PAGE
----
Just two hours from Athens’ Rafina port and the greenest of its Cycladic neighbours, Andros has in recent years gained a global reputation for its many charms, from scenic hiking routes, considered among the best in Europe, to pretty beaches and scenic villages. In 2021 the New York Times named it as one of the “52 Places to Love”, while Conde Nast’s Global Editor has described the island as one of her “favourite places in the world”.

    Unlike neaby Mykonos, Andros is not a destination for glamourous celebs and wild partygoers, in fact even its main town of Chora has no more than a handful of bars, most of which close before dawn breaks. There’s great shopping to be enjoyed, but it’s for local food products and handmade natural soaps rather than priceless kaftans, artworks or conceptual décor items. Even the dining scene is not as evolved as that of newly trendy islands like Milos and Kimolos or even its next door neighbor Tinos. However, Andros, also known as “the ship-owner’s island” because its Chora is home to a cluster of the country’s most influential ship-owning families, has its own particular glamour, elegance and beauty and this has become widely recognized.

    In response to the adulation it has begun to acquire, Andros has in recent years kicked into action by offering an exciting host of activities and experiences for visitors from near and far – from boat excursions and cultural treks along lush landscapes that include Venetian ruins and Paleolithic sites to holistic wellness experiences including spa treatments and yoga and gastronomy classes, the island is showings its best self and developing new attributes while trying to preserve its authentic character.

    Andros is large and varied, and it’s well worth renting a car to explore mountain villages like Sineti and coastal settlements like Korthi or Batsi, swim at a large array of beautiful beaches (including a few windsurfing beaches), visit archaeological sights like Paleopolis and the Geometric Settlement in Zagora, or monasteries like Agios Pandeleimonas and Panachrantou Monastery on the slope of Mt Gerakones. Throughout the summer the Goulandris Museum of Modern Art hosts an annual art exhibition presenting the works of Greek or foreign artists, while the Archaeological Museum presents interesting finds from around the island.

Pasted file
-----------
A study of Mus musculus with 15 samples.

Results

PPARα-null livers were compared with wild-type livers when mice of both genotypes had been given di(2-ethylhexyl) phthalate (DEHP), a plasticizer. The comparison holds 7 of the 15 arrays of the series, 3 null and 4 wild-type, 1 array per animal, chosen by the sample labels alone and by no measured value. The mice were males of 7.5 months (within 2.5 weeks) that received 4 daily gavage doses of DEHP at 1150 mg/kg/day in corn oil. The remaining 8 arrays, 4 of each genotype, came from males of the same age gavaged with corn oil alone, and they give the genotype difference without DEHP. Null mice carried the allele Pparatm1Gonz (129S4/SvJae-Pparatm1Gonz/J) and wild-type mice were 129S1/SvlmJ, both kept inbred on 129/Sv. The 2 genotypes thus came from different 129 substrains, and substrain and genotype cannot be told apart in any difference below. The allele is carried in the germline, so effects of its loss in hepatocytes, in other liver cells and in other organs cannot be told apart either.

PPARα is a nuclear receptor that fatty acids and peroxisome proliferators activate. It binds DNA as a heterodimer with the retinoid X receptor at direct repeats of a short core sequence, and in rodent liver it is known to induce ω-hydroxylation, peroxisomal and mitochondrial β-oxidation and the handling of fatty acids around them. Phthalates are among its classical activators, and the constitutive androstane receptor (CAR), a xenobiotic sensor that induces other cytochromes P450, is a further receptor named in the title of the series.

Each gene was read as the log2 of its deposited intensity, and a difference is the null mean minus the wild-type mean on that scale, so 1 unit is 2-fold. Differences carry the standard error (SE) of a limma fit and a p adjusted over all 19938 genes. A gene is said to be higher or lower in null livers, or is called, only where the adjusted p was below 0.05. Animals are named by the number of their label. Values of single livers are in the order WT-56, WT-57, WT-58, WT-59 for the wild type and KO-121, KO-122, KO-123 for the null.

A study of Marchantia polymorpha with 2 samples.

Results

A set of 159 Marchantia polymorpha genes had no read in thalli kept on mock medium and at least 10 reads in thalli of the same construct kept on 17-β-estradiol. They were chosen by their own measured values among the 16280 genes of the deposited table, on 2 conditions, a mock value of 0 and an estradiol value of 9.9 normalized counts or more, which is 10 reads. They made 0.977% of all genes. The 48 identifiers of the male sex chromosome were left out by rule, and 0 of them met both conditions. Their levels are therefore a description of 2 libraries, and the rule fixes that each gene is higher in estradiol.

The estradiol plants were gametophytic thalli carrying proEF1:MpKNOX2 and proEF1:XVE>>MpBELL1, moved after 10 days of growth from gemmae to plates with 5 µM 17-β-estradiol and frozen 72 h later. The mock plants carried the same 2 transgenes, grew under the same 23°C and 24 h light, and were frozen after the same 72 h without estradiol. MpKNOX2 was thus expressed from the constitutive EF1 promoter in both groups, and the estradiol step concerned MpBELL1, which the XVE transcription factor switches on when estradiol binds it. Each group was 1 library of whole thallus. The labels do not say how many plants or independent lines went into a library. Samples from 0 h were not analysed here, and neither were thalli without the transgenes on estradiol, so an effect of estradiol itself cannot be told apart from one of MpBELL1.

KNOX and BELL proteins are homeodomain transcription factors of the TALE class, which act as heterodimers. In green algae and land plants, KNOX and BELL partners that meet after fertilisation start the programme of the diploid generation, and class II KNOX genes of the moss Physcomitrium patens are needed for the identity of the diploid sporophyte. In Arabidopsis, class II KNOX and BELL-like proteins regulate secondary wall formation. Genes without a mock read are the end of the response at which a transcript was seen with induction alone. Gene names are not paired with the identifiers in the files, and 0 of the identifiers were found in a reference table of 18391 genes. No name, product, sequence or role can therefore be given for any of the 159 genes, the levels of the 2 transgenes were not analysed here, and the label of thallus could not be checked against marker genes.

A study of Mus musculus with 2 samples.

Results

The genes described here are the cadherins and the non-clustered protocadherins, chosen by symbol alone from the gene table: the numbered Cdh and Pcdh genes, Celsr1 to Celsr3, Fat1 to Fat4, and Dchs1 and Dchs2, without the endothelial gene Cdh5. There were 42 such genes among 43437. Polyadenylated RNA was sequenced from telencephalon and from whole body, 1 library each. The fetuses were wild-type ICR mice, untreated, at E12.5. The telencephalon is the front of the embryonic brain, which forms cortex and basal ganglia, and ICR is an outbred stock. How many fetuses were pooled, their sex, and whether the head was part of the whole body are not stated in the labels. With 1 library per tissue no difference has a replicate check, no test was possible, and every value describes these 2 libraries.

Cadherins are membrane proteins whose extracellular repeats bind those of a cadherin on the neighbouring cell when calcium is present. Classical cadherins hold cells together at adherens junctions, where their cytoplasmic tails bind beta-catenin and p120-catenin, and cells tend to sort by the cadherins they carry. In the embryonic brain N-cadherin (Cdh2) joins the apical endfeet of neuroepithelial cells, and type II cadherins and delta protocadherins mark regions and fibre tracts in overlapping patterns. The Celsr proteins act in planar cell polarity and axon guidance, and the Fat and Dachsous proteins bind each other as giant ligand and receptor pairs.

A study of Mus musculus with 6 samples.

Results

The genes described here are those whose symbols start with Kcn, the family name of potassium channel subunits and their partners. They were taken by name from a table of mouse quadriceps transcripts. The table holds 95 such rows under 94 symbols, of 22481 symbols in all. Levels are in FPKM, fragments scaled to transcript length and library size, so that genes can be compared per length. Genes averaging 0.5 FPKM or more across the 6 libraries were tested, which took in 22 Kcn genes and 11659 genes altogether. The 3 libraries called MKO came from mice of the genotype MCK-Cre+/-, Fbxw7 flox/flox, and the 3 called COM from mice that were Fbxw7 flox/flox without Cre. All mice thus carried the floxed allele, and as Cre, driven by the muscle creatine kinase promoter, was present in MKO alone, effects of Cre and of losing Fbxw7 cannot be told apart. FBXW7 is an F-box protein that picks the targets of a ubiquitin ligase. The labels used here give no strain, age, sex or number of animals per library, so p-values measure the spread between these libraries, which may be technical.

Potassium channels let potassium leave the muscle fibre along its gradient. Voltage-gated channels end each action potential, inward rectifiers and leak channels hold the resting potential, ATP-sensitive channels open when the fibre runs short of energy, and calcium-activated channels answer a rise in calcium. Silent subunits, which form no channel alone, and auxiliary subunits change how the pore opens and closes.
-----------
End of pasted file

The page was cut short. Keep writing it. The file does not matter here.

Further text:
There is always plenty to enjoy on Andros, although most pleasurable of all is to follow the example of locals and let hours pass as you sit at the village square sipping coffee or ouzo and watching the world go by, watching a movie in an open air summer cinema or connecting to nature along the well-cleared ‘kalderimia’ (old donkey paths), along which you’ll see everything from varied architecture to waterfalls and panoramic vistas. There are plenty of organisations offering services of all kinds and as well as some top quality hotels, there are more and more charming boutique hotels with lush gardens and tasty food.